What comes to mind when we hear the word “wallpaper”? Often our memory goes back in time, to the golden era of wall coverings. Pastel colors, geometric shapes, an old turntable, velvet cushions, and an unmistakable 70’s style. An environment full of a vintage atmosphere that makes us want to take a dip in the past.
The 70s vintage style is characterized by the use of very strong colors. Bright green, turquoise and golden yellow define the tone, while more understated hues, like black and white, are only seldom utilized. The wallpapers define the color code of the environment, furniture and accessories complement them and they are chosen for their material qualities: glossy, glass and leather but also metal and wood. Design in 1970 used plastic materials and a copious amount of furniture, creating a playful atmosphere that brought joy and radiated sunshine.
Vintage wallpapers are definitely back in fashion when it comes to home decor, creating a huge market for antique furniture as well. Memories, history and nostalgia are the key elements of a style that does is however more than simply wanting to go back in time.
The French term “vintage” was created to indicate a vintage wine, prized precisely because it has been aged. From this comes the modern meaning that becomes proper of an object of another era, rare because no longer in production, which can be defined as “old” but not for this reason without value!
The wallpaper world has often held a foot in the past and one in the future, seamlessly alternating nostalgia and futurism in a perennial cycle of innovation and conservativism. Let’s take a quick trip down to history lane to see where wallpaper originated.
WALLPAPER IN HISTORY
The invention of wallpaper, at least as concept, is generally attributed to the Chinese who, already in 200 BC, started gluing rice paper to the walls of their homes. In renaissance Europe woodcut printed tapestry were already very popular, serving both decoration purposes and providing an insulating layer between the cold stone walls of the houses and the rooms. This allowed for the heat, always coming from a single central source (often a wood fire) to be retained.
The arrival of modern printed wallpaper is attributed to Jean-Michel Papillon, who in 1668 invented the papier peint (also known as French paper), which consisted of rolls of paper that, once glued to the wall, formed a complete and larger design, without interruption. The French bourgeoisie loved it and it spread like wildfire through the European upper classes. We have however to wait until the Industrial Revolution and the development of cutting-edge production methods in England for the wallpaper to spread to the middle classes, as it did in the Victoria Era. By the early 20th century over 400 million rolls of wallpaper were sold in the Western world!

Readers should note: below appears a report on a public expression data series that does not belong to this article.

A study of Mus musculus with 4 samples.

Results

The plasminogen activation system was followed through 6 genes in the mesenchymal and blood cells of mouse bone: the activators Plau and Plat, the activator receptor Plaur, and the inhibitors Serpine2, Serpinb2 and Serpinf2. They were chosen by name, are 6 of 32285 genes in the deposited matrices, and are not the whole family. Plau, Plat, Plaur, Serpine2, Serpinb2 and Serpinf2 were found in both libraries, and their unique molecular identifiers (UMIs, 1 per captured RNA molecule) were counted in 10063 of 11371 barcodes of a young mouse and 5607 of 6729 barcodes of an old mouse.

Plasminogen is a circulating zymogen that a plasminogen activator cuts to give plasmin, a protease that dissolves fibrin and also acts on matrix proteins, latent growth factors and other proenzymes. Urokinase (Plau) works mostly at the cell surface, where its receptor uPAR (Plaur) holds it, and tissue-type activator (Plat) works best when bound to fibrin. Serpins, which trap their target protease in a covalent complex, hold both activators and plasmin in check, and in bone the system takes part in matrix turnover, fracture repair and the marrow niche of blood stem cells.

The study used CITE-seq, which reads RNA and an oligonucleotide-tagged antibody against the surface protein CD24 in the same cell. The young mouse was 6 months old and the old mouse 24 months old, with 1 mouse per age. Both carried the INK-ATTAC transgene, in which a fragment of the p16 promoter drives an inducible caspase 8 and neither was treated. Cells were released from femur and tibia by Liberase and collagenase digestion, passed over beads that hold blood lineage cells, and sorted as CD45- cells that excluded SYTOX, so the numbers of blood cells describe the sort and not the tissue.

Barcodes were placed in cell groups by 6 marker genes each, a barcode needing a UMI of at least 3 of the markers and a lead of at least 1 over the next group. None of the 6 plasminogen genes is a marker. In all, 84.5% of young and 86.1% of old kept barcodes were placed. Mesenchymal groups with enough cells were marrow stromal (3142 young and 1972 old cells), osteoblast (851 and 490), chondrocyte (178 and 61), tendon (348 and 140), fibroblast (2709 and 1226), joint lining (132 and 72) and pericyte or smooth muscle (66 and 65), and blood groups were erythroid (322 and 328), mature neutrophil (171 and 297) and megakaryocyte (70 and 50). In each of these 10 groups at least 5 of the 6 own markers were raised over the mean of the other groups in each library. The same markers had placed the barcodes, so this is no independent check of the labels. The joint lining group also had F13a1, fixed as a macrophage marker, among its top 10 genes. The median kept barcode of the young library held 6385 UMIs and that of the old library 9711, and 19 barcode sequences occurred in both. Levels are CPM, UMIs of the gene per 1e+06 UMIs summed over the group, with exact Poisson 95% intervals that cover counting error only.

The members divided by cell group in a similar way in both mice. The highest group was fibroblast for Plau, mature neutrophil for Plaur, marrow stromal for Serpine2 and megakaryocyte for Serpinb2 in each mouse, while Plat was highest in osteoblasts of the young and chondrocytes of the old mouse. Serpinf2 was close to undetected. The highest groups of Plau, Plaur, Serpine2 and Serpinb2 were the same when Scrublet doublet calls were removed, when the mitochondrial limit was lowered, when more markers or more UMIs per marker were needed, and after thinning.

Painted wallpaper was also an option before modern printed wallpaper. It takes a steady hand and a lot of time, but painting wallpaper is absolutely an option if you are artistically inclined.
WALLPAPER TRENDS FOR 2019
The wallpaper available nowadays is a far cry from those early wall coverings. Technology has evolved and the material used in contemporary wallpapers are far more varied, durable and dynamic than those from yesteryear. We already talked about how trendy vintage wallpapers are. Let’s now take a look at the current wallpaper trends in 2019
The TROPICAL style has emerged as the decorative choice for those who love pop-style maximalism: flora and fauna of exotic countries with banana leaves, colorful flowers, fruits, animals. It is perfect for those who crave color and energy. I’m loving Target’s Opalhouse line and their beautiful leaves wallpaper is the perfect blend of tropical and flora.
The FLORAL style can be made up of huge flowers on a solid color background or be defined by micro patterns reminiscent of Asian vibes, with subtle, stylized and abstract designs. It creates a relaxing and calming atmosphere and is one of my favorite wallpaper trends right now.
The GEOMETRIC style provides modern and clean lines that please both lovers of minimalism and fans of vintage, 70s designs. Geometric patterns like herringbone, are perfectly matched to highlight a modern art piece.
The INDUSTRIAL style, with its imitation of raw materials such as concrete, stone, and metallic textures is a great match for open space lofts and urban looks.
Last but not least, we cannot mention the importance of the ECOLOGICAL wallpaper. This is more than just a simple fashion trend, as awareness of the importance of sustainability and ecological issues has emerged as an important issue for most buyers. This is an emerging wallpaper trend but you can expect more and more manufacturers to start paying attention to the recyclability and compostability of their wallpapers.